My previous pieces dove straight into what the f*** blockchain is, followed up by the details behind the China ban. In this article, I wanted to share some data that we have been digging up to show you just how strong this market really is.

Please note: Each graph in this article is property of iComplyICO (except the first one. Please contact me for redistribution credit.

The first graph below depicts what is taking the world by storm (source: www.theatlas.com): Initial Coin Offerings (ICO’s) have surpassed Venture Capital and funding in recent months.

This has been primarily a result of ICO’s — as a financial vehicle — being able to raise non-dilutive capital for projects where they might not have been to raise the funds before.

When you combine this with access to global capital market flows, it is a category killer.


This is a trend that shows no sign of stopping. The last few months has seen an immense amount of capital raised (>$520M in September 2017 alone) as well as the number of issuances.

Source: iComply Investor Services Inc., Coindesk research

However, the SEC came knocking on its door on July 25th 2017, and declared that ICO’s can be considered securities — which means that depending on the economic viability, they would have to comply with the current regulatory framework i.e The Securities Act of 1933.

The Canadian Securities Administrators (CSA) issued a press release a few days later, essentially claiming the same thing. This guidance was based on the Howey test, which stems from US case law around investment contracts. This was adopted into Canadian case law in the Pacific Coast Coin Exchange v. Ontario (Securities Commission).

Notice the steep drop off that followed these releases: what resulted in next was multiple ICO’s attempting to skirt laws, classify themselves as strictly utility tokens, and in many cases bypassing US and Canadian investors. This was facilitated by multiple jurisdictions that enabled this behaviour, which also caused many issuers to bypass the US and Canada altogether — due to the regulatory concerns.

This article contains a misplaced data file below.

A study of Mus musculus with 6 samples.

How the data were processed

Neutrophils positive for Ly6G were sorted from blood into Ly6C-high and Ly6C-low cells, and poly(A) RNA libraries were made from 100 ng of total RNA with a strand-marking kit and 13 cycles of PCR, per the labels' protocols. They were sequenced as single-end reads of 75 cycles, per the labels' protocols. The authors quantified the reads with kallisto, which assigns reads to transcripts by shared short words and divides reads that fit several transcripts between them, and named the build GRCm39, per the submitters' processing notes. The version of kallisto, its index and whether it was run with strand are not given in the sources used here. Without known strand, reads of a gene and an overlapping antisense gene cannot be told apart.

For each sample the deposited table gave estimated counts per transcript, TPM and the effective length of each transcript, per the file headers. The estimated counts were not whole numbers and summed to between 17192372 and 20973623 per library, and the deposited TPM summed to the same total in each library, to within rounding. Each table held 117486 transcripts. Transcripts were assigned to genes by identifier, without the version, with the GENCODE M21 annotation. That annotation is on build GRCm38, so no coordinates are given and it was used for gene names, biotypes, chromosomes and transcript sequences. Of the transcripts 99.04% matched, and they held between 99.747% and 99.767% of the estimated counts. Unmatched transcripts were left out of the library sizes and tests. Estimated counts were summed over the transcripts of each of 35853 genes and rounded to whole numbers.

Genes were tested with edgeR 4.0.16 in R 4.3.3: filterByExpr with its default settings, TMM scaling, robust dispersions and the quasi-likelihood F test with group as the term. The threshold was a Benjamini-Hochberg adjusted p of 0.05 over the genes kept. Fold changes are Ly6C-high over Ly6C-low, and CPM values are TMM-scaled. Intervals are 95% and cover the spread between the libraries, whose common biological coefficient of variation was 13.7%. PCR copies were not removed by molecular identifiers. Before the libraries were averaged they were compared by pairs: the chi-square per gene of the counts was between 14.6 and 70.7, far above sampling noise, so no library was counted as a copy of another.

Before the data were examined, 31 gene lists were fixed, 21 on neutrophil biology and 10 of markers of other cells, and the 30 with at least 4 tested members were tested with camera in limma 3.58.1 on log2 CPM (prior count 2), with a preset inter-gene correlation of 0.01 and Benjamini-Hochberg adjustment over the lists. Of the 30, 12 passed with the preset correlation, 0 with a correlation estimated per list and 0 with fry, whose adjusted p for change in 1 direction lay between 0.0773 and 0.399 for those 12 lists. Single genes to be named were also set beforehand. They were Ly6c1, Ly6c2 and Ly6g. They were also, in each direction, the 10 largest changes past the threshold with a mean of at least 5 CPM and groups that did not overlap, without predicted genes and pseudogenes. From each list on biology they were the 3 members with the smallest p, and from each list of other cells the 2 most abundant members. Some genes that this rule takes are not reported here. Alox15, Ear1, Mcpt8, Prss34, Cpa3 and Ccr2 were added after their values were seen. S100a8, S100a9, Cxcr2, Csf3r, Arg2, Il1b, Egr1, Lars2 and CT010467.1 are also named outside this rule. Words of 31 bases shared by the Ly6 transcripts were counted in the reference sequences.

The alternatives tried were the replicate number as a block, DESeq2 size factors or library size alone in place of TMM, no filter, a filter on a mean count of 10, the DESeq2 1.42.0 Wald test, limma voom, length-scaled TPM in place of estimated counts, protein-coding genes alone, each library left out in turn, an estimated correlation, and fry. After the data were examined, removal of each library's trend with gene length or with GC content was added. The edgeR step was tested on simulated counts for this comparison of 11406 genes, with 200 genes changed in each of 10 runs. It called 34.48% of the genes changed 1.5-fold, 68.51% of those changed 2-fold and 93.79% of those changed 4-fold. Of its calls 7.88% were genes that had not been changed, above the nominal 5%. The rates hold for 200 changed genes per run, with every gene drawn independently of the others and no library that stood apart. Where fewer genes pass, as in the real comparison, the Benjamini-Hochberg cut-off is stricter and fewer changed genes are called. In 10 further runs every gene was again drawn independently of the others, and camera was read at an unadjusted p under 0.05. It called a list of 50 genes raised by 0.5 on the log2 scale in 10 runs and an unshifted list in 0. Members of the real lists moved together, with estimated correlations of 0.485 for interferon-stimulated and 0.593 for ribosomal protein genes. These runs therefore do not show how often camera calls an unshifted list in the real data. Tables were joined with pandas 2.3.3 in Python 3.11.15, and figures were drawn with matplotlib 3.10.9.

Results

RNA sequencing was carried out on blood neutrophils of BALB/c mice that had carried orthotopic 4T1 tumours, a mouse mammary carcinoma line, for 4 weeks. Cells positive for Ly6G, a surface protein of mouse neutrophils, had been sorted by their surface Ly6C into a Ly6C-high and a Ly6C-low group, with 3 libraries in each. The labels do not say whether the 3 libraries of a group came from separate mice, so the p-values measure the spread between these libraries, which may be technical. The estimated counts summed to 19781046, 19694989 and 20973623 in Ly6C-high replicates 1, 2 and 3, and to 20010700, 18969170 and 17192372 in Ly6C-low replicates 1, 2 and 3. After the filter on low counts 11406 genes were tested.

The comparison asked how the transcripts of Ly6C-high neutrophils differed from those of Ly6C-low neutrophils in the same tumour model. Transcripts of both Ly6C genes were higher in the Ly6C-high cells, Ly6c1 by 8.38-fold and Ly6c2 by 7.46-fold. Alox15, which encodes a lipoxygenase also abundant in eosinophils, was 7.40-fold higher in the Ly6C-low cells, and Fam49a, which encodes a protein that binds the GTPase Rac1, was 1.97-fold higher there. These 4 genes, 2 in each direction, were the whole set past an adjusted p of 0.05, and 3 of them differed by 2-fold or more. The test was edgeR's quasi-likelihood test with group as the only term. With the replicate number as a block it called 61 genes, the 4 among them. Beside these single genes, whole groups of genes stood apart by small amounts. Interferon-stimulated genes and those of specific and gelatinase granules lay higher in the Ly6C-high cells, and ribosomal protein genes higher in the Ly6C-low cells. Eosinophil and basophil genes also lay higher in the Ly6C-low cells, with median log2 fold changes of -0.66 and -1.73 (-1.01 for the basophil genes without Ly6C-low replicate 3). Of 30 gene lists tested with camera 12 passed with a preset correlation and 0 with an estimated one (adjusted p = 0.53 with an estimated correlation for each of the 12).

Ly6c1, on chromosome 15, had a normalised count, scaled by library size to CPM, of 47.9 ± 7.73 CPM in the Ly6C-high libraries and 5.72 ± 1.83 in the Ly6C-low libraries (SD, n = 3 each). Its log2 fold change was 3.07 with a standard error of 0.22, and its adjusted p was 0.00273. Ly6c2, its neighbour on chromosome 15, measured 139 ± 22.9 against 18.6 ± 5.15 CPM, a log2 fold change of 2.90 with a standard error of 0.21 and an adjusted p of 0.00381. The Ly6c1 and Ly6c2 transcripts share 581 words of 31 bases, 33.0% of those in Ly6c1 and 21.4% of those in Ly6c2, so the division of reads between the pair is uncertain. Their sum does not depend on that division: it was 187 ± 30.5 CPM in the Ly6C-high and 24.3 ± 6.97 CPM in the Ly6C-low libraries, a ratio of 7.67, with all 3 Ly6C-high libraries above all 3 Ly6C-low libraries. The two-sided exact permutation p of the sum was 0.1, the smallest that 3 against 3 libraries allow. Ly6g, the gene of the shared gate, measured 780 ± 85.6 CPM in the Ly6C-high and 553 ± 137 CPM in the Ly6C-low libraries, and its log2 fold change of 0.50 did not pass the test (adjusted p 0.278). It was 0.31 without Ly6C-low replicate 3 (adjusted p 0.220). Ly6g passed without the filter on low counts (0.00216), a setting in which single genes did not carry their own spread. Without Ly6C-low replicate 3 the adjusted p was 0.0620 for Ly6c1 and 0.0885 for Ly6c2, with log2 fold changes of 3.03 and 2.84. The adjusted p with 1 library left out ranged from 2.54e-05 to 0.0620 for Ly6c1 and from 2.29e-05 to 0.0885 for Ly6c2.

It does not matter where you are registered or issue from, once you market to a certain investor, as an issuing entity you have to comply with existing security laws.

Source: iComply Investor Services, Coindesk research

But human beings are resilient, aren’t we?

What happened next was the advent of the SAFT (Simple Agreement for Future Tokens) which is similar to the SAFE (Simple Agreement for Future Equity). This document enables US Accredited Investors to participate in token sales and pre-sales, first pioneered by the Filecoin ICO. An open source SAFT document through the Coinlist and Angelist partnership. This was then enhanced through a whitepaper written by Marco Santori, with some great guidance.

One could argue that just by invoking the SAFT, you invoke an expectation of future profit… But we digress.

The chart below shows the bounce-back in issuance post the SEC and CSA announcements. $257M of that September figure is a result of the Filcoin ICO (which used the SAFT, as noted above).

Source: iComply Investor Services, Coindesk research

Enough of that. Let’s switch gears a little bit, and talk about trading.

The chart below is intimidating at first, but let me break it down for you before we explain what the end result is. These are the top 15 ERC20 tokens, based on market cap (July data, pre Filecoin). This took some web-scraping, but here we would like to show the market cap, # of holders and the average amount of daily transactions.

Source: iComply Investor Services Inc., etherscan.io

EOS is an obvious outlier. It is quite interesting to note how much tokens actually get traded. When you break it out, it is still quite an inefficient market— one thing that is disregarded is just how little liquidity there is for obscure tokens. A result of mining incentives as well as business models. This is just a warning to the new wave of crypto-day traders who might not appreciate the full degree of market dynamics — and the impact of liquidity.

Another important point to note is just how many owners there are per address, and how many transactions actually take place compared to public markets. To take this a step further — check out any of these individual tokens and take a look at how concentrated the top 100 addresses are in the context of available capital.

Don’t believe me on the liquidity? Lets take a look at the most recent transaction data from the three biggest exchanges (24h volume date, October 23rd 2017 — source: www.coinmarketcap.com).

These might be slightly unclear, but they serve to show what trades on the major exchanges. There are about 10,000 tokens on the market, according to the most recent data from etherscan.io.

There are great projects that might not need to change hands too often. However, there is a big incentive for issuers to be listed on an exchange, and gain value in their tokens from secondary trading. Just keep in mind how much value this actually adds to an efficient marketplace.

Hopefully you enjoyed taking a bit of a deeper dive into the Token market. It is absolutely fascinating, and I had a blast compiling this data and playing around on Tableau.

Please feel free to comment, and let me know your thoughts. If I missed anything, or you noticed an error — feel free to reach out!